Leg of Lamb Steak with Swiss Chard and Tomatoes2018-02-26T23:51:42+00:00

Project Description

Leg of Lamb Steak with Swiss Chard and Tomatoes

Lamb is one of those intimidating meats that people sometimes shy away from making at home. If you think that you are not advanced enough in your kitchen skills to make this recipe, please reconsider. The name may sound fancy but the preparation is pretty simple. We paired the lamb with Swiss chard which is tender like spinach but not as gritty. It has a mild flavor that won’t compete with the strong taste of the lamb. For this recipe we suggest making the Swiss chard first and removing it from the heat until your lamb is done. It’s easy to simply warm the chard for a few seconds before serving your meal. As you go through the instructions below there are a few things to keep in mind. For the lamb, we use a cast iron skillet which retains heat really well and cooks the meat a bit faster than your average skillet. Using a meat thermometer will help you gauge the proper cook time for your skillet. Also, when making the Swiss chard we discard the stems and we blanch the leaves before cooking. This is really a matter of personal preference. The stems are pretty tender so if you want to use them, simply add them to the skillet a few minutes before the leafy part. If you want even more of a bite to your greens omit the first three steps where we explain the blanching process. As for the tomatoes, you really only need about 4-5 ounces for this recipe but the smallest can I’v been able to find is 14 ounces. In this case, save whatever you don’t use in an air tight container in the fridge for about 3-4 days. You can also freeze it and add it to soup or sauce at a later time.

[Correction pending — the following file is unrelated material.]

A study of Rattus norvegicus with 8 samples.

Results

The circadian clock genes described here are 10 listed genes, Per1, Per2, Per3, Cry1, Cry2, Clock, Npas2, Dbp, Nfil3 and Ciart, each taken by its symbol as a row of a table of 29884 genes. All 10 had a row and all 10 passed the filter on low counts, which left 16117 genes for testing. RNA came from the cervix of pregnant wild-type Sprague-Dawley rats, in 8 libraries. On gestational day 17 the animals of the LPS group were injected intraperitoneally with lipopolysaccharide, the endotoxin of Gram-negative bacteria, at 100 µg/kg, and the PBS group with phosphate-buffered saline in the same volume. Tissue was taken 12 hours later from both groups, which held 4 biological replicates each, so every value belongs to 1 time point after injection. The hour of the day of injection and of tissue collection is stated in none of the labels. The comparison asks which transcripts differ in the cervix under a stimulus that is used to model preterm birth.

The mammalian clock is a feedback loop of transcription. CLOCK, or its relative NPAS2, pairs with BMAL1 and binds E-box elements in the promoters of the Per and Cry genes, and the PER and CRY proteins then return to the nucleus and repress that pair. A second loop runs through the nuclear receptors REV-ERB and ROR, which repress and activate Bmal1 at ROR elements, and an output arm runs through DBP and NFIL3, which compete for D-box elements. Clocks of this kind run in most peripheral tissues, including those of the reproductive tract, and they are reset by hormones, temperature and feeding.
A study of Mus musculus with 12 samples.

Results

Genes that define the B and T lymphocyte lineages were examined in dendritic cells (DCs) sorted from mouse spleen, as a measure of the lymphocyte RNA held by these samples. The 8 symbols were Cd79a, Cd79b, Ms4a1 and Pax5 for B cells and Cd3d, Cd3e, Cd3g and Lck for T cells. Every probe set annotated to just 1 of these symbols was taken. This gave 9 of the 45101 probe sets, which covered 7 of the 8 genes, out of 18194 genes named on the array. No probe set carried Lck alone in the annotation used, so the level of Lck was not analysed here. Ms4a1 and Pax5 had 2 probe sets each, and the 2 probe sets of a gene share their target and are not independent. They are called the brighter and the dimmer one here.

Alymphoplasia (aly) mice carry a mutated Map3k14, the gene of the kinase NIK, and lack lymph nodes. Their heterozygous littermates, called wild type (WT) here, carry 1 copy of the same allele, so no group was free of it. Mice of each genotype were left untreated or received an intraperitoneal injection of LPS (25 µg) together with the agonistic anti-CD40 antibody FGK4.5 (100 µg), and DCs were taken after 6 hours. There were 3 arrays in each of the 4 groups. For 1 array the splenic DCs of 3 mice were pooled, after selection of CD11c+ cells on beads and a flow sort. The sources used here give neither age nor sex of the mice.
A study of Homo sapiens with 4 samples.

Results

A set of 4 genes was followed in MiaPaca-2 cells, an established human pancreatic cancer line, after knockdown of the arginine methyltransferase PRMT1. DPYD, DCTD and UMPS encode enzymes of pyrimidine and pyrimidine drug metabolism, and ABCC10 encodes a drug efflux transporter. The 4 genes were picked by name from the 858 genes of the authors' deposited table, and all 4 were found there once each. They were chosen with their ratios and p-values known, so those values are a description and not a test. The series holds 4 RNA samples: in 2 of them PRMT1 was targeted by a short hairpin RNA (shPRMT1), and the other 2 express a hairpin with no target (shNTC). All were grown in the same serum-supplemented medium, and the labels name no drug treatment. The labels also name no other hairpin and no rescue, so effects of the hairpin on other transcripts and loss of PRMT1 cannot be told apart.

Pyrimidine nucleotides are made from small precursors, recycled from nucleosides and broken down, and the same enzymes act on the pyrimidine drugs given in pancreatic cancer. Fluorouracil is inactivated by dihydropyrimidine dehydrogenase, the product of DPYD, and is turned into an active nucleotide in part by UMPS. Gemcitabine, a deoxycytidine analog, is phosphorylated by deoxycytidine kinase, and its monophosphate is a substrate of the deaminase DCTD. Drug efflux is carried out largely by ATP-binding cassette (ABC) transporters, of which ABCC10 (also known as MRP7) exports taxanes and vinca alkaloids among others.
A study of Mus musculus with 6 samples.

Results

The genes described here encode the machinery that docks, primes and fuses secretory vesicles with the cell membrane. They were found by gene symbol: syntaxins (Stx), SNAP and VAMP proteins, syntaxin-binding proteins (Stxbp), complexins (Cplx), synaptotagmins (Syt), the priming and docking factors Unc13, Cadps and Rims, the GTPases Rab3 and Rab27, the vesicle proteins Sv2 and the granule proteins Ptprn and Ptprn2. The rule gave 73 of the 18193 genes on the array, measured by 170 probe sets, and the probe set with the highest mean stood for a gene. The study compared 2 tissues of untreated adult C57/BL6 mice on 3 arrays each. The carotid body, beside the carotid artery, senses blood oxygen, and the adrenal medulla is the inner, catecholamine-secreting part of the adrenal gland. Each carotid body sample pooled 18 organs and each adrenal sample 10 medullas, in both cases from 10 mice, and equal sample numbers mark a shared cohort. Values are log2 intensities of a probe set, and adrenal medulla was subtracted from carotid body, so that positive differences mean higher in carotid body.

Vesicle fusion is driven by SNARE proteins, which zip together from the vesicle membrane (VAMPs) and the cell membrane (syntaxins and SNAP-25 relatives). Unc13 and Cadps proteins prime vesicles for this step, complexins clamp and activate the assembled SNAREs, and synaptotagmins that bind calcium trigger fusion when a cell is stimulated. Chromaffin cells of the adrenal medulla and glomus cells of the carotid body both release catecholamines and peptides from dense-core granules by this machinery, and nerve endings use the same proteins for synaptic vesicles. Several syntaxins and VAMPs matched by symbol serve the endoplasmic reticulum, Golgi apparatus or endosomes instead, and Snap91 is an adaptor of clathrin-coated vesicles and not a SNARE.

Swiss Chard with Tomatoes

Ingredients

  • 1 bunch of Swiss chard, stems removed and chopped in 1 inch pieces
  • Olive oil
  • 2-3 cloves of garlic, peeled and cut in half
  • Salt & pepper to taste
  • 1 bay leaf
  • About 1/3 to 1/2 (14 ounce) can peeled tomatoes, chopped (I haven’t found any smaller size can)
  • Crushed red pepper to taste (optional)

Instructions

  1. Bring a large pot of salted water to a boil to blanch the Swiss chard (steps 1-3 are optional)
  2. Add the Swiss chard to the pot (giving them a stir to submerge) for about 15-30 seconds or until tender
  3. Remove from heat and carefully remove chard from water using kitchen tongs and place into a colander to drain
  4. Coat a medium sized skillet with olive oil and heat over medium heat
  5. Add the garlic and bay leaf
  6. Saute the garlic until golden about 2-3 minutes and then discard
  7. Add the tomatoes and season with salt and pepper (and red pepper if using) to taste, saute for about 1-2 minutes on low heat
  8. Squeeze any excess water out of the Swiss chard and then add them to the skillet and saute until incorporated into the tomatoes and heated through
  9. Remove the bay leaf and serve

Ingredients

  • 2 leg of lamb steaks, 1 pound each
  • Olive oil
  • Salt & pepper to taste
  • 1/2 teaspoon garlic powder
  • 1/2 teaspoon onion powder
  • 1 teaspoon dried rosemary, ground

Instructions

  1. Remove lamb from refrigerator to rest at room temperature about 30-60 minutes in advance
  2. Coat the lamb steaks with olive oil on all sides
  3. Season with the steaks with the pepper, garlic powder, onion powder and rosemary on all sides
  4. Coat the bottom of your skillet with olive oil and heat over medium/high heat until it becomes very hot
  5. Place your steaks in the pan (one at a time if the skillet does not easily fit both) for about 5-6 minutes
  6. Flip the steaks and continue to cook for an additional 5 minutes or until internal temperature reached 145 degrees (medium rare)
  7. Remove from pan and cover with foil to rest for about 5 minutes before serving

Note: You can measure out all of the seasoning except the salt into small prep bowls before handling the meat. Now you can season the lamb without worrying about your hands touching the meat and each individual container. Season with the salt separately so that you can better control the amount. Give the steaks a generous amount (around 1 teaspoon), but ultimately use salt to your taste.

Read We’re Making Lamb Tonight: Dinner Alternatives Part 2 of 3 to get the whole story.